Two weeks after the conclusion of Teacher Appreciation Week, the Pasco County School Board unveiled its own plan of gratitude toward educators and all district employees: more pay cuts.
As it has been in the past, and as should be expected with personnel costs accounting for 85 percent of the school district's operating budget, payroll became the main focus as the board seeks to identify nearly $25 million in spending cuts.
Faculty and staff have gone without so-called step increases — previously negotiated raises based on longevity — for four years. This year, they also absorbed pay cuts via furloughs and legislative-mandated contributions to retirement plans.
For the coming budget year, School Board members are considering three furlough days for all employes to save $5 million and/or a 1 percent salary cut to save $3.56 million. It is a combination that unfairly attempts to balance the budget on the backs of existing employees.
(Full disclosure: Pasco Times editor of editorials C.T. Bowen is married to a Pasco school district teacher.)
Each furlough day is the approximate equivalent of a 0.5 percent salary reduction. The district is likely to have more luck negotiating with the United School Employees of Pasco if it seeks a corresponding workload reduction, instead of just pushing an across-the-board wage cut.
Meanwhile, the board also is considering eliminating 82 school-based positions and five district-level jobs to save $3.63 million and cutting supplemental pay for coaches and band directors.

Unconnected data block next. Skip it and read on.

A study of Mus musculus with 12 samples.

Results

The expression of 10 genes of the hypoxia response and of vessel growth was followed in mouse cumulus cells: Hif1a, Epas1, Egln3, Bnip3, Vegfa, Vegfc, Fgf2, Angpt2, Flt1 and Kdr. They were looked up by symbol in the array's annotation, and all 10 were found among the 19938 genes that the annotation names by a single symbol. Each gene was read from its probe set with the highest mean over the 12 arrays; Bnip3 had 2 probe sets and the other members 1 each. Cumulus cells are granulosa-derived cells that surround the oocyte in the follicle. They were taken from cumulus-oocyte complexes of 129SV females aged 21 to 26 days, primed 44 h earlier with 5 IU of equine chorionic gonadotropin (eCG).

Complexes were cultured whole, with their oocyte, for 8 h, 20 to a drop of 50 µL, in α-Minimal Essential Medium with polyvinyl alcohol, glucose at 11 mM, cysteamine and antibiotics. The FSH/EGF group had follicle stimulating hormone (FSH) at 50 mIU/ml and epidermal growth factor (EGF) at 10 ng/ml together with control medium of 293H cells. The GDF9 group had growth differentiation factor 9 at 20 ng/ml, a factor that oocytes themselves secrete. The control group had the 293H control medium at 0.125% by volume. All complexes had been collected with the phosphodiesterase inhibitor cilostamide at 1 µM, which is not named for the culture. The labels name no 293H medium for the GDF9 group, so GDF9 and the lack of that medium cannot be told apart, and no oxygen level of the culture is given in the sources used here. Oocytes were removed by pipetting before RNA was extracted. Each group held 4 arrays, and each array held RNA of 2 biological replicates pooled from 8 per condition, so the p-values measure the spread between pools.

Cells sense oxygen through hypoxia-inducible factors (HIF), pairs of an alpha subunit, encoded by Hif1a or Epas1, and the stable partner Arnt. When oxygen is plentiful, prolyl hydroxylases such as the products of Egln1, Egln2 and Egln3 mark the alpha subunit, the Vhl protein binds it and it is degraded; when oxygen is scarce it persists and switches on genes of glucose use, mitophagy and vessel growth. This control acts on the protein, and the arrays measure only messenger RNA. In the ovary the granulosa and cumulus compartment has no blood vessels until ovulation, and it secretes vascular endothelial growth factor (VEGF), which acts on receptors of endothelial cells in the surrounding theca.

Perhaps most troubling is that the board will be asked again to consider similar cuts in the summer of 2013. The greatest share of the budget deficit — $12.8 million — is being filled by moving around one-time revenue. In other words, that cash won't be available again next year, and the district will start with a nearly $13 million hole.
The school district employs approximately 9,000 people. Besides the furlough days, cuts approved last year included eliminating more than 500 jobs from the payroll. Handing out pink slips and reducing pay and benefits is a simplistic solution to what has amounted to a half-decade of revenues failing to meet expenses.
While studying but discarding a four-day school week brought some cost-cutting suggestions, the board needs a broader, long-term examination of such things as remuneration, school safety and employee assignments.
For instance, can the district afford the cost of deploying resource officers to elementary schools, budgeting medical insurance costs for future retirees who haven't even been hired yet or keeping certified teachers and literacy coaches in positions outside the classroom?
Asking educators and support staff for continued give-backs will be more palatable if the board and district administration can say they've exhausted all other alternatives and are realizing the district's long-term fiscal future.